The list of guidelines to allow students to go to school safely is long and complicated: new classroom designs to protect students, flexible school calendars to prepare for the unpredictable and additional teachers standing by in the event that a large number of them become incapacitated, to name just a few.
This agenda could easily be part of a plan to reopen schools in the middle of the COVID-19 pandemic—but it actually comes from a 2010 report on how Bangladesh can adapt its education system to climate change. Just a few years prior, thousands of schools in the country had flooded; dozens washed away entirely. It wouldn’t be the last time. Today, despite precautions, thousands of schools remain closed in Bangladesh as a third of the country is underwater.
Disruption to education of this scale is largely unfamiliar in the U.S., but COVID-19 has given Americans a hint. The particulars of adapting the U.S. educational system vary from place to place, but, in a sense, the unpredictable challenge offers a dry run for how the country’s educational system will be challenged to adapt to climate change and its various effects.
The research into the links between climate change and education is in its early stages, but researchers can already identify a long list of potential disruptions.
The most obvious is the ability of climate-related disasters to force schools to shut down for days, weeks or months. This challenge has already harmed learning across the globe, from developing countries like Mozambique where more than 300,000 children had their education disrupted as a result of Cyclone Idai in 2019 to relatively wealthy locales like California and the surrounding area of Sydney, Australia, where wildfires have kept students out of the classroom for extended periods in recent years. And, because schools serve as a civic center in many communities, they are often turned into disaster response centers when they do survive disaster. That’s good for the people in desperate need of shelter, but it doesn’t do much to fulfill a school’s educational mission.
This problem is only compounded for communities that face repeated extreme weather events that create a pattern of disruption. “The linkages between the disruption of education, and climate change are fairly well established,” says Gautam Narasimhan, senior adviser for climate, energy, and environment at UNICEF. “If there’s repeated disruption to education, that makes a child far less likely to go back to school.”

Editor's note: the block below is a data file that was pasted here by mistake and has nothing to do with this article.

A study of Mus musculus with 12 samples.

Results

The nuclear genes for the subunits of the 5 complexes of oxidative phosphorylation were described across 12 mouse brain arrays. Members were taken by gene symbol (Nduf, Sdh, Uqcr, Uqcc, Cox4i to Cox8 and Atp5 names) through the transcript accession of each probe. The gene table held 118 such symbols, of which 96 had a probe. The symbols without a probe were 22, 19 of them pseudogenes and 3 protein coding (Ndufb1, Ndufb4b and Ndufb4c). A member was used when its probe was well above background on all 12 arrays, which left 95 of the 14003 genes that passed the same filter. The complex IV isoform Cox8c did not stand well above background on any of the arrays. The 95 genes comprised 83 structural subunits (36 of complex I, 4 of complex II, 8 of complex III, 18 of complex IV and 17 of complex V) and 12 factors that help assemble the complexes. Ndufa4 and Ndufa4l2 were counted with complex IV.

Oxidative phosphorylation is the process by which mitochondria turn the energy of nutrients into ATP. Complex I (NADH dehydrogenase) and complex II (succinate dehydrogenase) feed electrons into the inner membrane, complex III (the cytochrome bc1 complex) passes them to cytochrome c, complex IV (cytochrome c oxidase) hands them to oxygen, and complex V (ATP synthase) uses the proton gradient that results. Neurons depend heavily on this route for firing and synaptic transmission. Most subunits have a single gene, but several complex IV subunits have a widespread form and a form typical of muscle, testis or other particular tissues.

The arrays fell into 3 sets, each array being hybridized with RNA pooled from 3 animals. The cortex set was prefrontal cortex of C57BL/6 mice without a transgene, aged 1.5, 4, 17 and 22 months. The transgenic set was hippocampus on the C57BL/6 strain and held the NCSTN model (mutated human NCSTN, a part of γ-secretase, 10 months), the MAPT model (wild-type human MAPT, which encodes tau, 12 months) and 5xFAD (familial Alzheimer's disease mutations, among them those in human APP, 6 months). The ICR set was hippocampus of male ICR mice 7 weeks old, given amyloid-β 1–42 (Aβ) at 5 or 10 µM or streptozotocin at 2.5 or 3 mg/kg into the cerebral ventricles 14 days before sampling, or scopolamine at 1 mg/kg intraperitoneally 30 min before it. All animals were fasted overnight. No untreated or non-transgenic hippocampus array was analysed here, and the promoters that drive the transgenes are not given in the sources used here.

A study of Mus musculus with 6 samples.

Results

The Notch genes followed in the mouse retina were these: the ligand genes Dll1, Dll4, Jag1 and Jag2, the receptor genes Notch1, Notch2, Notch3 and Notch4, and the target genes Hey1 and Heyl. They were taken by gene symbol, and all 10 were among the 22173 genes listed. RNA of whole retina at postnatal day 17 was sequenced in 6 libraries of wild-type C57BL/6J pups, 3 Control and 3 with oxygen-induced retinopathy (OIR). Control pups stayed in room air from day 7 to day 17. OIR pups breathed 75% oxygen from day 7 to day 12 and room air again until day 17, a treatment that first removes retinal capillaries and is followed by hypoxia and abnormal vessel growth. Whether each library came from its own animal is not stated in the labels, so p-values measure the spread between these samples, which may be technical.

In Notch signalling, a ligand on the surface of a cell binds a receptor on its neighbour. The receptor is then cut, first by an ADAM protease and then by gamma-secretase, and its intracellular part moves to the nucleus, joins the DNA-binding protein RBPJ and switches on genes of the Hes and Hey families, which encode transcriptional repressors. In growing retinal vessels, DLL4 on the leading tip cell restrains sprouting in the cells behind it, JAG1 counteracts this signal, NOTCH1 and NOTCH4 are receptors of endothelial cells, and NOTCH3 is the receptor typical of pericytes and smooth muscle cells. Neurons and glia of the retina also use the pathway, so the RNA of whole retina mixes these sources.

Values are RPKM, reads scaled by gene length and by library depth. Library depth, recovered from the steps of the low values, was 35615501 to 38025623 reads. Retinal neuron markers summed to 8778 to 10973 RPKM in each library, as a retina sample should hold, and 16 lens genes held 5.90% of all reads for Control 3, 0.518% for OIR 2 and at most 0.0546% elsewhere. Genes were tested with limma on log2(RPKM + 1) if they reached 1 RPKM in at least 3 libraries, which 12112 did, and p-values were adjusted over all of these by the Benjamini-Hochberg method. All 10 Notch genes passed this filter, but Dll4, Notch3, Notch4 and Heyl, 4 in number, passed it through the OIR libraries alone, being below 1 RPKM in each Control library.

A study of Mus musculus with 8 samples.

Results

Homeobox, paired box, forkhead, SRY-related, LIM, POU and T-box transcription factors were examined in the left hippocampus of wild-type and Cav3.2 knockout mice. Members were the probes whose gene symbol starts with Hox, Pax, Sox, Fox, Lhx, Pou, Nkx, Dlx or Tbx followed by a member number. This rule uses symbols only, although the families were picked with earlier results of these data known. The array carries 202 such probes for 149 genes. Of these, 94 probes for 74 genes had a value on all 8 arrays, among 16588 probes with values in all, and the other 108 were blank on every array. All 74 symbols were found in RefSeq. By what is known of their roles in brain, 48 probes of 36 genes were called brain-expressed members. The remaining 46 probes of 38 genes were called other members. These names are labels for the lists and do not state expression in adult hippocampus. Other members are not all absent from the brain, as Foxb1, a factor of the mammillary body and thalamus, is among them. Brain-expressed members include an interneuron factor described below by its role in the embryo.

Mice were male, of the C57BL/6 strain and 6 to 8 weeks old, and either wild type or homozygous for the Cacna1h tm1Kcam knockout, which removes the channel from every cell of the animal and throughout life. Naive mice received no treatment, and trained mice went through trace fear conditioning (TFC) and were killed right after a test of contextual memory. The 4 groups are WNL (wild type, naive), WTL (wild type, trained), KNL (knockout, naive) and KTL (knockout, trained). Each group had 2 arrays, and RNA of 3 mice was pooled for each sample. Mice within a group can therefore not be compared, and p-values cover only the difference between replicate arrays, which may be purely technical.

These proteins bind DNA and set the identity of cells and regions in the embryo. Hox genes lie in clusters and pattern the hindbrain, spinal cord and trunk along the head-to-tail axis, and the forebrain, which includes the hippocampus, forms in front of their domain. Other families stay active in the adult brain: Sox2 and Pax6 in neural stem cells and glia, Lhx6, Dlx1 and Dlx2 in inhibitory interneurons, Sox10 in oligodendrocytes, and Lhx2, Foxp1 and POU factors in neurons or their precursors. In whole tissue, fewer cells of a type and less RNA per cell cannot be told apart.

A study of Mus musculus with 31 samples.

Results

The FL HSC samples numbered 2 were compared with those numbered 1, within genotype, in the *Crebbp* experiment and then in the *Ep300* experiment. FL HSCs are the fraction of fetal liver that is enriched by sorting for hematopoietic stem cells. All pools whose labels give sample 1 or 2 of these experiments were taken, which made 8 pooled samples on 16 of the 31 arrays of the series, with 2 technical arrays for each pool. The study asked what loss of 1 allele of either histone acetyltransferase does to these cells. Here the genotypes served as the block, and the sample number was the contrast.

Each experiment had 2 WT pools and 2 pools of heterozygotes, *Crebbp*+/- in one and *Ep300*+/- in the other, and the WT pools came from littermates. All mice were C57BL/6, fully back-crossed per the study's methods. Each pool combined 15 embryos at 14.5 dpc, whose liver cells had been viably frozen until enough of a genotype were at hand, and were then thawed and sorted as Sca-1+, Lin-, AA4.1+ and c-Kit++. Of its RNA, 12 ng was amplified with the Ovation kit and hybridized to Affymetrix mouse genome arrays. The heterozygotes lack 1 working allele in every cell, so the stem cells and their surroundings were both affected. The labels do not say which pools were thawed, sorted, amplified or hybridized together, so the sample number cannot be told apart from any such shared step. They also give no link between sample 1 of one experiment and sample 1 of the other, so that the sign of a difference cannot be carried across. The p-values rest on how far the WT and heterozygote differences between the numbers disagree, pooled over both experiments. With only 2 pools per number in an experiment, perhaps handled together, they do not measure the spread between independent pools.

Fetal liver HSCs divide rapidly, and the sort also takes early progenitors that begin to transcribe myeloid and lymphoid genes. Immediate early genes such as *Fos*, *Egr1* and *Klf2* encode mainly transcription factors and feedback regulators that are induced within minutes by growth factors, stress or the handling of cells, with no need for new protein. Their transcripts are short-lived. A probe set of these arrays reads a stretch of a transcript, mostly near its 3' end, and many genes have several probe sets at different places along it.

Temperature acts as a key instigator of climate-related education disruption. On a most basic level, warmer temperatures make it harder for students to focus and excel academically, research has shown. This is true in developing countries that lack access to air conditioning and wealthy countries like the U.S. alike. “There’s this comfortable window of temperature that people function well in,” says Heather Randell, a sociologist and demographer at Penn State University who studies climate change and education. “When the temperature exceeds that kids are not doing as well.”Research has also shown that even subtle changes in climate shape educational outcomes. In sub-Saharan Africa and Southeast Asia, two locales prone to drought and extreme temperatures, more rainfall means higher educational attainment. In places prone to storms like the Caribbean, increased rainfall is linked to lower educational achievement, according to research in the journal Proceedings of the National Academy of Sciences.
Beyond the direct threats, climate change poses a much more insidious threat to learning in the developing world. If the family farm floods, for example, a child is much more likely to stay home to help the family earn a living. If a family can’t afford to put food on the table, children will lack proper nutrition and have trouble learning. These problems are worse for girls, who are often the first to be pulled out of school by families in need of extra help. Climate-related migration means consistently disrupting the network of teachers and community where a child learns.
It’s hard to apply an educational lesson from the pandemic directly to climate change, in part because the path to reopening schools is so complicated. Facing different on-the-ground coronavirus realities, no two cities are having the exact same conversation.
But it’s clear that climate change may force educators to make similar calculations to those that have come in response to COVID-19. How can classrooms be renovated with resilience in mind? Is it safe to bring kids back to the classroom in the first place, or should they learn remotely? What about students who lack resources at home, whether that’s high-speed internet or air conditioning?
With both challenges, schools will be forced to work their way through these questions. If the COVID-19 pandemic is any hint, the educational system will be woefully unprepared; thinking about these concerns ahead of time can help mitigate that risk.
A version of this article was originally published in TIME’s climate newsletter, One.Five. Click here to sign up to receive these stories early.